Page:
The US Food and Drug Administration (FDA) said it carried out a “careful evaluation” of Upside Foods’ cultivated chicken, including data and information provided by the company, and had “no further questions at this time,” signaling a go-ahead for the firm.

    “We started UPSIDE amid a world full of skeptics, and today, we’ve made history again as the first company to receive a ‘No Questions’ letter from the FDA for cultivated meat,” founder and CEO Uma Valeti said in a press release.

    Welcoming the development, The Good Food Institute Europe (GFI Europe), an NGO working to advance sustainable proteins including cultivated meat across the UK and Europe, asked the UK government to invest in research and development to realise benefits of the cultivated meat here.

    “This milestone announcement sends a strong message around the world that cultivated meat will be part of a more sustainable food future,” Seth Roberts, policy manager the GFI Europe, said.

    “Cultivated meat has the potential to help satisfy growing global demand for meat, while reducing the environmental impacts of our food system.

    “As COP27 draws to a close, ministers should be investing in climate solutions like cultivated meat – just as they’ve supported renewable energy – to ensure the benefits are felt here in the UK.”

    The FDA specified that the evaluation did not constitute “an approval process.”

    Upside Foods will still have to undergo inspection by the US Department of Agriculture, for example, before it can sell its products.

    That said, this “is a watershed moment in the history of food,” Valeti said.

    Several start-ups are aiming to produce so-called lab-grown meat, which would allow humans to consume animal protein without harming the environment through farming and without any animal suffering.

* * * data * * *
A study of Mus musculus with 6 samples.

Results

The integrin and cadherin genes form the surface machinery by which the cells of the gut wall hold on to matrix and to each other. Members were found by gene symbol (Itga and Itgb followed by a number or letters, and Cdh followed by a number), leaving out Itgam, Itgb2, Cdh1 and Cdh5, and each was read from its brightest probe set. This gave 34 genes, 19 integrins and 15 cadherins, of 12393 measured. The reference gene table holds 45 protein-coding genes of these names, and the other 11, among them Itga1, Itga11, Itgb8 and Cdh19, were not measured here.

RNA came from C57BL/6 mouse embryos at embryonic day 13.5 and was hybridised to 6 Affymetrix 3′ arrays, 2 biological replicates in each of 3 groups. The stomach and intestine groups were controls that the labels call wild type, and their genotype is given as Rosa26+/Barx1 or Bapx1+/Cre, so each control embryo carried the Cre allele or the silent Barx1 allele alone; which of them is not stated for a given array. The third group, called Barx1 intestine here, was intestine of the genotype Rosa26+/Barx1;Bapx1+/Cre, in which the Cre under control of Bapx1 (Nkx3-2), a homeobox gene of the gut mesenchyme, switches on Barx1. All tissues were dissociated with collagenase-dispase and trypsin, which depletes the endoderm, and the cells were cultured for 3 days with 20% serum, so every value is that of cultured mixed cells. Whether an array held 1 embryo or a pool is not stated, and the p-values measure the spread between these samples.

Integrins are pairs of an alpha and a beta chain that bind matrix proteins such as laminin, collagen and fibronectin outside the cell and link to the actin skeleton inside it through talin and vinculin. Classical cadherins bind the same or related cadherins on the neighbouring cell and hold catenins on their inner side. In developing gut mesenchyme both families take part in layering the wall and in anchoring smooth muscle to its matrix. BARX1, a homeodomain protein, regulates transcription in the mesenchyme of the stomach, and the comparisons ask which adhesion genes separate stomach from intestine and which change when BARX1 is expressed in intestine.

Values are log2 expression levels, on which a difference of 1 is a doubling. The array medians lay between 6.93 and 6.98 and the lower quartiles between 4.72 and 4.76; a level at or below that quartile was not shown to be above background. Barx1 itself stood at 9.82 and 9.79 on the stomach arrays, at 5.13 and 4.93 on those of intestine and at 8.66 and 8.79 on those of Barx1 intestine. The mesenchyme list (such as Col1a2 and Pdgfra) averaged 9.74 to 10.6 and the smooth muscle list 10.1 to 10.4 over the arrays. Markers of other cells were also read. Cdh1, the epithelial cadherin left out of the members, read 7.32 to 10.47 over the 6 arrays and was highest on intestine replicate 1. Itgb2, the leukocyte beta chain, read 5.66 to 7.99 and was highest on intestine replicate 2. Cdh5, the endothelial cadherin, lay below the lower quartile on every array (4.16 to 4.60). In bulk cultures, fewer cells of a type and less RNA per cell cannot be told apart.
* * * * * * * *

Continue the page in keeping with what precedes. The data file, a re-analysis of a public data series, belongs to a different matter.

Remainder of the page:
These products differ from plant-based substitutes such as soy burgers that mimic the texture and flavor of meat but do not contain any animal protein.

    The start-up Eat Just, a competitor of Upside Foods, was the first to receive authorisation to make artificial meat, in Singapore in 2020.

    While succeeding in the general lab-meat market has proven complicated and expensive, some companies have set their sights on petfood, whose consumers are much less picky.

    Bond Pet Foods, a Colorado start-up, is creating animal protein from a microbial fermentation process to feed dogs.

    Dutch scientist Mark Post unveiled the first cultivated beef burger in London in 2013, and there are now more than 30 companies across Europe working on cultivated meat, around 10 of which are based in the UK. The UK is home to cultivated meat companies including Ivy Farm and Higher Steaks.

    Research by GFI Europe has revealed a growing awareness of cultivated meat in major markets, with 65 per cent of Spaniards, 55 per cent of Italians, 57 per cent of Germans and a third of French people already saying they were willing to buy it when it becomes available.